Yesterday's suicide bomb and gun attack is likely to shatter any prospect of meaningful peace talks with Taliban insurgents in the country.
The Pakistani Taliban, who have declared a month-long ceasefire to pursue peace talks with the government, immediately distanced themselves from the attack as well as a separate blast on the Afghan border which killed two soldiers.
An explosion reverberated in central Islamabad, followed by bursts of gunfire. Police said at least 30 people were wounded.
Faisal Ali, a businessman who witnessed the attack, said: "There was a blast, then there was a lot of gunfire. Gunmen were spraying bullets at everyone."
Even as the Taliban declared willingness to talk peace, almost daily attacks have continued around Pakistan in past weeks, suggesting that the central Taliban leadership is not entirely in control of its operations.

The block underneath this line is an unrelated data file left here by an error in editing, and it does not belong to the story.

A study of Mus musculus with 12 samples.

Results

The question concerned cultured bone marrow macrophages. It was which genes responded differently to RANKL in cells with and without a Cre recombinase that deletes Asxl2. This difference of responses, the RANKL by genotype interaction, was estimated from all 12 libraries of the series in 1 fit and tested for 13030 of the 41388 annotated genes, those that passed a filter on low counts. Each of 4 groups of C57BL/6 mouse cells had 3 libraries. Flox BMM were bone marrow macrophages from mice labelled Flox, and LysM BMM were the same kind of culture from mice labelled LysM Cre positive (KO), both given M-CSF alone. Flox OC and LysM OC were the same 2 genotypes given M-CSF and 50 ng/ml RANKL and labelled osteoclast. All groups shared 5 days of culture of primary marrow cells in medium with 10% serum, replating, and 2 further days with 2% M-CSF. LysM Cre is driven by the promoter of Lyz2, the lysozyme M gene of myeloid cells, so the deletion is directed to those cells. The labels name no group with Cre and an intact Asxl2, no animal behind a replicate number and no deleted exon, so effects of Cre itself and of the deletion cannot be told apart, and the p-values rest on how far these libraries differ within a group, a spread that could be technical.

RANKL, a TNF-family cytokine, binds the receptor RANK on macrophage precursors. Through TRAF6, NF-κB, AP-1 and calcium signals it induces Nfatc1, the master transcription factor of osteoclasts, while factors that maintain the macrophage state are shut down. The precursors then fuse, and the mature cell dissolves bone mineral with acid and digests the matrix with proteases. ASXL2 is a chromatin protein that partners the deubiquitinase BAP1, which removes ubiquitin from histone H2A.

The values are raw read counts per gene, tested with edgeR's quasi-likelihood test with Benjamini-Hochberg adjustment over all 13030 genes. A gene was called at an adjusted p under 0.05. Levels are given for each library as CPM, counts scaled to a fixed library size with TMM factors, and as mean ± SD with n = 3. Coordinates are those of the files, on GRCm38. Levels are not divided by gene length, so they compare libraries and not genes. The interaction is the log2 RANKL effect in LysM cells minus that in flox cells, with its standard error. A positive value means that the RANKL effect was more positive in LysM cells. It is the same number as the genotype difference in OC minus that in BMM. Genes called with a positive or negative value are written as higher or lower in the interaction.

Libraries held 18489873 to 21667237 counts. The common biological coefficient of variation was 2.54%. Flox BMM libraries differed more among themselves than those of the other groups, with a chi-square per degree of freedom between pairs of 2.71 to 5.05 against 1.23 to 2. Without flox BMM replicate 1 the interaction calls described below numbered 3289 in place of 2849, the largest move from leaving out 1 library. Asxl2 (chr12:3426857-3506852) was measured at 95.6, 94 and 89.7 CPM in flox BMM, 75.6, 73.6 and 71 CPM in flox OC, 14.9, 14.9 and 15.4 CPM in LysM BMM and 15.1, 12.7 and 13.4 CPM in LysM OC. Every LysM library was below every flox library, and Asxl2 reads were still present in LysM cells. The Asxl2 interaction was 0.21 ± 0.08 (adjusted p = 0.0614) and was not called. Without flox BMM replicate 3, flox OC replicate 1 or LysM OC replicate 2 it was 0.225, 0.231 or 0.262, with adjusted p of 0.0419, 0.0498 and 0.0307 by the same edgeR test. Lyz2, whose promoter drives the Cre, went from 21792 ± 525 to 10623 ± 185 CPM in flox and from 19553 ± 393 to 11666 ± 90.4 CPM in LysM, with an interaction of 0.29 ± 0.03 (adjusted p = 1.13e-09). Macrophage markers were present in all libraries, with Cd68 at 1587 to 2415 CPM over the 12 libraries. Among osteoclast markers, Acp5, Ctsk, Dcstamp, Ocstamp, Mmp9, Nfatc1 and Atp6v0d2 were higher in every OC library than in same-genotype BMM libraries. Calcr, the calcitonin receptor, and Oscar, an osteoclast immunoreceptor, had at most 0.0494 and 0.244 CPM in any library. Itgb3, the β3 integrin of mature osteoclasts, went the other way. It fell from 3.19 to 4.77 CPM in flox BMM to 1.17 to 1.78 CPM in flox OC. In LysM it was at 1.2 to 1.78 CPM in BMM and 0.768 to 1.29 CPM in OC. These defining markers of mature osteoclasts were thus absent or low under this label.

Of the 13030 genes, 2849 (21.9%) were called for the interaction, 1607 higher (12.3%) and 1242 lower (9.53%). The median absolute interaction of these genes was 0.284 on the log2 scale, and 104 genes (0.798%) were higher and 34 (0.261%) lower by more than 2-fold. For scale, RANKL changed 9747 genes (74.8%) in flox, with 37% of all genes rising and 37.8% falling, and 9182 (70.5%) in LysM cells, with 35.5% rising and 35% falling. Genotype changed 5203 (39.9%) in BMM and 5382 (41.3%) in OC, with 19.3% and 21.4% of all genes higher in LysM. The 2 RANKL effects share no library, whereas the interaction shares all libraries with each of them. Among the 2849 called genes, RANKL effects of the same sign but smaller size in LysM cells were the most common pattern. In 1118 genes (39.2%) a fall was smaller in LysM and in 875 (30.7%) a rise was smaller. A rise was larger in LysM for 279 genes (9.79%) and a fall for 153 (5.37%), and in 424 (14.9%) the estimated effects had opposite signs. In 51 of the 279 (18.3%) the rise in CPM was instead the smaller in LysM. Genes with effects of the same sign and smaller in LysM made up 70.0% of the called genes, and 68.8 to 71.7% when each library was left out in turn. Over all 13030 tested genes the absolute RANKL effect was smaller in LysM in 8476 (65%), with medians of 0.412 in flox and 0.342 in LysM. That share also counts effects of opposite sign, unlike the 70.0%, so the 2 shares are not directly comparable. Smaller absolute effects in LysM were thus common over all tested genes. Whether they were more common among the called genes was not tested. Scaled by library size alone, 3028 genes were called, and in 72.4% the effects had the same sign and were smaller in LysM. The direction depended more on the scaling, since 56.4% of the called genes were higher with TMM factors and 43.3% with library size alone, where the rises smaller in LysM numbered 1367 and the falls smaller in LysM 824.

A Taliban spokesman said: "We have already declared a ceasefire for a month and we stand by our promise."
The judge, Rafaqat Awan, was killed on the spot. He had rejected a petition last year to file a murder case against former President Perzez Musharraf over his order to storm a hardline mosque in Islamabad in 2007.
Many radical Islamists hold a grudge against Mr Musharraf over the storming, in which more than 100 people were killed, and any official seen as obstructing their fight for justice is likely to be on their hit list.
During yesterday's attack, two suicide bombers blew themselves up outside the courtroom where a hearing had just started.
Two other attackers were killed in the ensuing gun fight with police. Police said gunmen fired at random targets after the initial explosion.
Shortly afterwards, police blocked entry and exit points to the area, a maze of narrow streets lined with shops and offices.
Commandos knocked on doors and secured street corners as they combed the area for more militants.